US State Department Steps Back From The Idea Of Boycotting Olympics 2022
The Biden administration backs away from the idea of a boycott of the 2022 Beijing Winter Olympics. Check out why.
The United States Department denied in the evening on 4 April that it was taking into consideration a joint boycott alongside allies of the 2022 Winter Olympics in Beijing. In an emailed statement, a senior State Department official said, “Our position on the 2022 Olympics has not changed. We have not discussed and are not discussing any joint boycott with allies and partners”.
Initially, during a press briefing, Department spokesman Ned Price suggested that a boycott of the Olympic Games was among the possibilities for addressing China’s human rights abuses. The Olympic Games are due to take place between 4 February to 20 February.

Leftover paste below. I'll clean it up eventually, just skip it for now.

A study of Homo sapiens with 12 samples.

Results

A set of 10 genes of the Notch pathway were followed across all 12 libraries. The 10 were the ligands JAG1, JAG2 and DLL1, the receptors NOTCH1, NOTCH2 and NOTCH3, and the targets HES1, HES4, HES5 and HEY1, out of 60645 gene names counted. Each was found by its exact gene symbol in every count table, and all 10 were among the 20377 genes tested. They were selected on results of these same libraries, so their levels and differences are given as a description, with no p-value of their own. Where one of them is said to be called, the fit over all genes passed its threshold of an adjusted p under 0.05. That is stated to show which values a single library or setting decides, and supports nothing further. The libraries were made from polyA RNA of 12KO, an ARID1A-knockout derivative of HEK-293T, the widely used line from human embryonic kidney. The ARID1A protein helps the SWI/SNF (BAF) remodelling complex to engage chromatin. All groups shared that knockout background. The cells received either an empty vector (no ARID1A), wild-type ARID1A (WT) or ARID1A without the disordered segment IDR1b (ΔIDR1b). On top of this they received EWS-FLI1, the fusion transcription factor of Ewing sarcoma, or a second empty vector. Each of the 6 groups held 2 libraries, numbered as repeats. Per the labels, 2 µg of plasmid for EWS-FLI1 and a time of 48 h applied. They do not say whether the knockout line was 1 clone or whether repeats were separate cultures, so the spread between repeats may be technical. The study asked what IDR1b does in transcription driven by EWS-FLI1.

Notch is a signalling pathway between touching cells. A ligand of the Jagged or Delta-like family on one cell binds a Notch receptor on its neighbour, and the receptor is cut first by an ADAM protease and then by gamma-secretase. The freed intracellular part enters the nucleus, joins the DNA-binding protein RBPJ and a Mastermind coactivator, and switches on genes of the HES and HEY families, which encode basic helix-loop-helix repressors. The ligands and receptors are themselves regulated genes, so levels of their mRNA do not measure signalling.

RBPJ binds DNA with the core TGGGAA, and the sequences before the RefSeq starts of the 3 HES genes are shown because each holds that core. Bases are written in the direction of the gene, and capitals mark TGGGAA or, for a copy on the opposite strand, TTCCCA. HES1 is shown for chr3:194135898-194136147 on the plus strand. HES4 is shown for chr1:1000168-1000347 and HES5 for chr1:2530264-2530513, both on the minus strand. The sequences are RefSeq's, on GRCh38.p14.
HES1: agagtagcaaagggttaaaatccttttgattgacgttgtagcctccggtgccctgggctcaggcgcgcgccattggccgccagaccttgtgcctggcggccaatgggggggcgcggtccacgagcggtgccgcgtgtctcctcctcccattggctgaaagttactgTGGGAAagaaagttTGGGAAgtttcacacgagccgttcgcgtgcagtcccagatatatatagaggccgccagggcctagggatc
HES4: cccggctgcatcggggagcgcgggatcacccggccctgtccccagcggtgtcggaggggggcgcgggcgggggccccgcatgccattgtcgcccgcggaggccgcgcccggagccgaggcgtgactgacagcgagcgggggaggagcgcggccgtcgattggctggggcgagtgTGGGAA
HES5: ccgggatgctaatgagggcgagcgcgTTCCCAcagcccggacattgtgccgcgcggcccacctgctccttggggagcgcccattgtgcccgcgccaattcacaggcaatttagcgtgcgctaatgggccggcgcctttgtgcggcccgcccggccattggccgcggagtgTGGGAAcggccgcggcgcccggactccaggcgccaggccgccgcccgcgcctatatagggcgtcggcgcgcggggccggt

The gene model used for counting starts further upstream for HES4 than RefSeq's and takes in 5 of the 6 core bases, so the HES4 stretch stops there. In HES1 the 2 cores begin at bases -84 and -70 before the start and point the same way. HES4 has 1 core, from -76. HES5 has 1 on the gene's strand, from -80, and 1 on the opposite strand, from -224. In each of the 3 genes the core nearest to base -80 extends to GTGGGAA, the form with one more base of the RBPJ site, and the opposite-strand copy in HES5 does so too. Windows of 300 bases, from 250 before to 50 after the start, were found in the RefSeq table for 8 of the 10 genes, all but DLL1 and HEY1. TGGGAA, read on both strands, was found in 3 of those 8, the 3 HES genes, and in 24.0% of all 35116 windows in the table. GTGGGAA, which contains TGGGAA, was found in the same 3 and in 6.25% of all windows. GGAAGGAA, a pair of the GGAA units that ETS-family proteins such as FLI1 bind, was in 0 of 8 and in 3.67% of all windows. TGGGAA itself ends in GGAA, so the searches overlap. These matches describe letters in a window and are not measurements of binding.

The diplomatic boycott of the Olympic Games and discussions related to it would come as the Biden administration works to rally allies to mount international pushback on China. While there is broad bipartisan support for taking a tougher policy stance against China, a unanimous boycott of the Beijing Olympics is not confirmed and it is not certain that it would be a productive path to pursue in context to attacking China.
The emailed statement also mentioned, “It’s better to go there and dominate. It’s better to be Jesse Owens than the Soviets in ’84.” (Owens, a Black American sprinter, won four gold medals at the 1936 Summer Olympics in Nazi Berlin. The Soviet Union boycotted the 1984 games in Los Angeles after the U.S. snubbed the 1980 games in Moscow in protest of the Soviet invasion of Afghanistan.)
Later, Ned Price wrote on Twitter that “we don’t have any announcements regarding the Beijing Olympics and that the event was a ways off. A state department official disputed that Price had said the US had discussed a boycott. “We have not discussed and are not discussing any joint boycott with allies and partners,” the official said.